Project LeadershipProject Management

How to Manage a Team of B-Players

What do you do with the B-Team, those lovable losers who never rise above adequate? Strong leaders will use their high emotional intelligence and good judgment to produce team success greater than the sum of its parts. In an article for Harvard Business Review, Tomas Chamorro-Premuzic explains how to get that top-grade work out of a middle-of-the-road team.


It all starts with a goal that people can actively realize – a vision for how the future could be. This goal must challenge the team, but not demoralize them. It should be detailed enough that milestones and tactics will illuminate each proscriptive step. This way, success will be less reliant on individual ability, and more a matter of simple follow through (and some luck).

Feedback & Information

There’s no denying the power of detailed and accurate feedback on performance. Of course, there is always a place for intuition to make those split-second decisions and to see big picture issues, but there are few problems all-in-all that can’t be solved by data:

No matter how smart and experienced leaders are, they will make smarter and better decisions if they are armed with data. Data can cut through the biases and politics and create a culture of fairness and transparency. It can also highlight the key individual drivers of team performance, breaking down success into molecular factors that can be easily manipulated.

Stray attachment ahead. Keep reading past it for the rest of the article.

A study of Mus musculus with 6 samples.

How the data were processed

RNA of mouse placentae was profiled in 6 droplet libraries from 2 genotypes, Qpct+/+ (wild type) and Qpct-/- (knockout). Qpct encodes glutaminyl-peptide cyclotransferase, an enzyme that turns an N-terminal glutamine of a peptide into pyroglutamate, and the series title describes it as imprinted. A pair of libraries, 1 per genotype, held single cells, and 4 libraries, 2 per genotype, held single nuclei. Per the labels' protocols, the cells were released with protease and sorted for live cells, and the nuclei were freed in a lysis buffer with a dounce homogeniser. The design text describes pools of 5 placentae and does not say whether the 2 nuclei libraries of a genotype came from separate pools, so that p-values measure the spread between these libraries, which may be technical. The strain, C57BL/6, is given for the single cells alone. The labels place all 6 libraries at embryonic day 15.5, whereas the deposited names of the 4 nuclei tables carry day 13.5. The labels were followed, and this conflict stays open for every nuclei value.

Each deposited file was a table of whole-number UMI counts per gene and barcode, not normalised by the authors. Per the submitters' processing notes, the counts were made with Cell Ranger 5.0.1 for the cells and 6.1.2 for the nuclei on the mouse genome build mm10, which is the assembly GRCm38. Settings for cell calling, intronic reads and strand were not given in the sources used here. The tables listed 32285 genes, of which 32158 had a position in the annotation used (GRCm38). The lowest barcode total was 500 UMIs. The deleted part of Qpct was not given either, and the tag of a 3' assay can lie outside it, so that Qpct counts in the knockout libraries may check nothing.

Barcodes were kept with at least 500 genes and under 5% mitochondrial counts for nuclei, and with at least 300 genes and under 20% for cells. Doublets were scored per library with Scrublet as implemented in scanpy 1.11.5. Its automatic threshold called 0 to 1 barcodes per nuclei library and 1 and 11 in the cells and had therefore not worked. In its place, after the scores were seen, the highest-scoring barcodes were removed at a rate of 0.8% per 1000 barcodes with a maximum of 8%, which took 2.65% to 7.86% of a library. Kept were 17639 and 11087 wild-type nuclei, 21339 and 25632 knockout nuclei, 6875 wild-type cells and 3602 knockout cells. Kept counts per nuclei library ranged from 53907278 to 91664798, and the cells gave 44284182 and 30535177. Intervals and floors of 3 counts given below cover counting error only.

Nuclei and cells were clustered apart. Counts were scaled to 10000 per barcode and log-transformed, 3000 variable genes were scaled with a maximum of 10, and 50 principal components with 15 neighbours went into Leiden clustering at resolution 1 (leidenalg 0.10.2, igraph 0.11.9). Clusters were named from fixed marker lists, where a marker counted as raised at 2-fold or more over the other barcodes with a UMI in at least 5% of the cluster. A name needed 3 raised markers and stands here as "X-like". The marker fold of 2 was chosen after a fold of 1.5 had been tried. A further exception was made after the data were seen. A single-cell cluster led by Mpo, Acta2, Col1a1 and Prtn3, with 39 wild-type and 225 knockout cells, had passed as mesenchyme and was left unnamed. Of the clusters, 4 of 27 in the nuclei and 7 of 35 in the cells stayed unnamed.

A B-Team with adequate feedback can adjust their efforts on a play-by-play basis, and it can also help them regulate their performance. Lack of feedback shows disinterest, and dishonest feedback will only disguise limitations and lead to poor decision-making. Hard work is usually all the B-Team has to work with, so tell them that.

Group Cohesion

Lastly, a world-class team has to be friends, or at least friendly. Employees who care about one another will improve performance for each other. If the leader identifies success only in terms of his or her individual career, it will alienate the team and undermine the fostering of an engaging culture. Work toward success together.

Read the original article:

Eric Anderson

Eric Anderson is a staff writer for CAI's Accelerating IT Success. He is an intern at Computer Aid Inc., pursuing his master's degree in communications at Penn State University.